Years ago when Jay Moon served as deputy director of the Mississippi Development Authority, he often accompanied Mississippi manufacturers on trade missions to foreign countries. These goods-makers would drop in on establishments there to check on how their products were being handled and marketed.
Many times manufacturers were shocked at what they found.
“Manufacturer would often see their products in places where they had never sold a single item,” Moon said.
In fact, these were not their products at all. They were counterfeits.
Now head of the Mississippi Manufacturers Association, Moon lists counterfeit goods as one of the biggest challenges facing the state’s manufacturers. And the problem is growing.
“The sale of counterfeit goods around the world represents a $250-billion loss to global and U.S. manufacturers,” Moon told the Mississippi Business Journal. He had no numbers for the losses specific to Mississippi manufacturers, but called them “significant.”
Thus, Moon, the manufacturing community and law enforcement welcomed the announcement last month that a new state law aimed at deterring the trafficking of counterfeit goods in Mississippi cleared the Legislature and was signed by Gov. Haley Barbour. The law’s aim is to give law enforcement new tools to fight the distribution of bogus goods in the state.
The anti-piracy law, which was authored by Rep. Edward Blackmon Jr., D-Madison, and pushed by Attorney General Jim Hood, makes dealing in counterfeit products a felony. The punishment can be as much as five years in prison and a fine of $10,000. Even if the goods’ value is less than $1,000, a perpetrator could face a year in jail.
In addition, the law provides for the seizure and forfeiture of property used in trademark and recordings violations, seizure and forfeiture proceedings, notice to lien holders and parties with security interests, the disposition of property and proceeds, the amendment of four sections of Mississippi Code of 1972 and related purposes.
The new law has garnered attention well outside the state.
“Mississippi lawmakers showed their dedication to protecting businesses and consumers by enacting this legislation,” said Alan C. Drewsen, executive director of New York-based International Trademark Association, in a statement. “The sale of counterfeit goods is a serious problem, and the cost to Mississippi businesses can hinder the state’s economic growth. The new bill provides stronger protection from this threat, and we congratulate the State of Mississippi on this important development.”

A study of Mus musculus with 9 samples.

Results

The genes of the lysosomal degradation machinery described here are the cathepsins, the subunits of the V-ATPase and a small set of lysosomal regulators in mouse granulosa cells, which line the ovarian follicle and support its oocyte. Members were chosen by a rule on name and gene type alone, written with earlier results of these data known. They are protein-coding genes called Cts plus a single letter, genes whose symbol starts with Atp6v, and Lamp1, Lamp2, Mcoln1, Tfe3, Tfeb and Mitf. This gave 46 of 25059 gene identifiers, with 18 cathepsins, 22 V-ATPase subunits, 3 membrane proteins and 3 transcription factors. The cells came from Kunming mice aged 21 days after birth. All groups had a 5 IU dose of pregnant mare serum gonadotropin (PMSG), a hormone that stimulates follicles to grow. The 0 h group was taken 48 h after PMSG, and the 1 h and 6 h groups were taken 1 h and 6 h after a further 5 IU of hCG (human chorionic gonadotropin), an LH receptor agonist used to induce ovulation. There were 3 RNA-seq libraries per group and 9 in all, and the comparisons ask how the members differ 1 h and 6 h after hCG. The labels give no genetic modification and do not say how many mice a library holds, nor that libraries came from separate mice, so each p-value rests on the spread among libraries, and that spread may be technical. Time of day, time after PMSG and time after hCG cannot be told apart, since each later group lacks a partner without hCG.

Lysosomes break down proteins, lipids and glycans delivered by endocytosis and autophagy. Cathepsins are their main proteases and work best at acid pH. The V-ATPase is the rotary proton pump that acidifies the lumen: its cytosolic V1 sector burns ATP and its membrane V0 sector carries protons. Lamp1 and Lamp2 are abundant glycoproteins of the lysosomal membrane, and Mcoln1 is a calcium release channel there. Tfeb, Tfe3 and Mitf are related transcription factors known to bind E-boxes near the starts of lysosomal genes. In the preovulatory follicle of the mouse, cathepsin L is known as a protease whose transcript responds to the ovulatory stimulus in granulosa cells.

Chip Morrow, a partner in the law firm of Butler, Snow, O’Mara, Stevens & Cannada, PLLC, in Ridgeland, practices in the area of intellectual property. He said he is supportive of the new anti-counterfeit law, and said it has the potential to at least curtail the trafficking of bogus products in Mississippi.
However, Morrow said much of the criminal activity is overseas, and many of these perpetrators have no brick-and-mortar operation.
“So much of this is on the Internet,” Morrow said. “You get a website shut down, and they simply change a few letters in their domain name and continue to operate. It can be very difficult and frustrating.”
Moon said most of these bogus product operations are based in China. In order to earn most favored nation trade status, China agreed to clean out these criminal operations.
Moon said there has been progress, but the problem remains enormous.
“I think there has been progress (in China),” Moon said. “I have been there and personally seen some progress. Has there been 100 percent progress? No.” He added that the National Association of Manufacturers continues to constantly monitor the illegal trade coming out of China.
The new state law also targets pirated movies and CDs, which are common targets for scammers. Just this year, a Bay St. Louis man, Neil John Brimelow, was convicted of copyright infringement for reproducing and selling copies of the “Family Guy” television series.
Moon pointed out that there was more risk from bogus products than just lost revenue. Counterfeit products do not offer the same quality, posing a PR problem for manufacturers.
However, both he and Morrow said consumer safety is an even bigger issue. Counterfeit drugs are a prime example of the risk to domestic consumers.
Attempts to reach Hood for comment were unsuccessful at press time.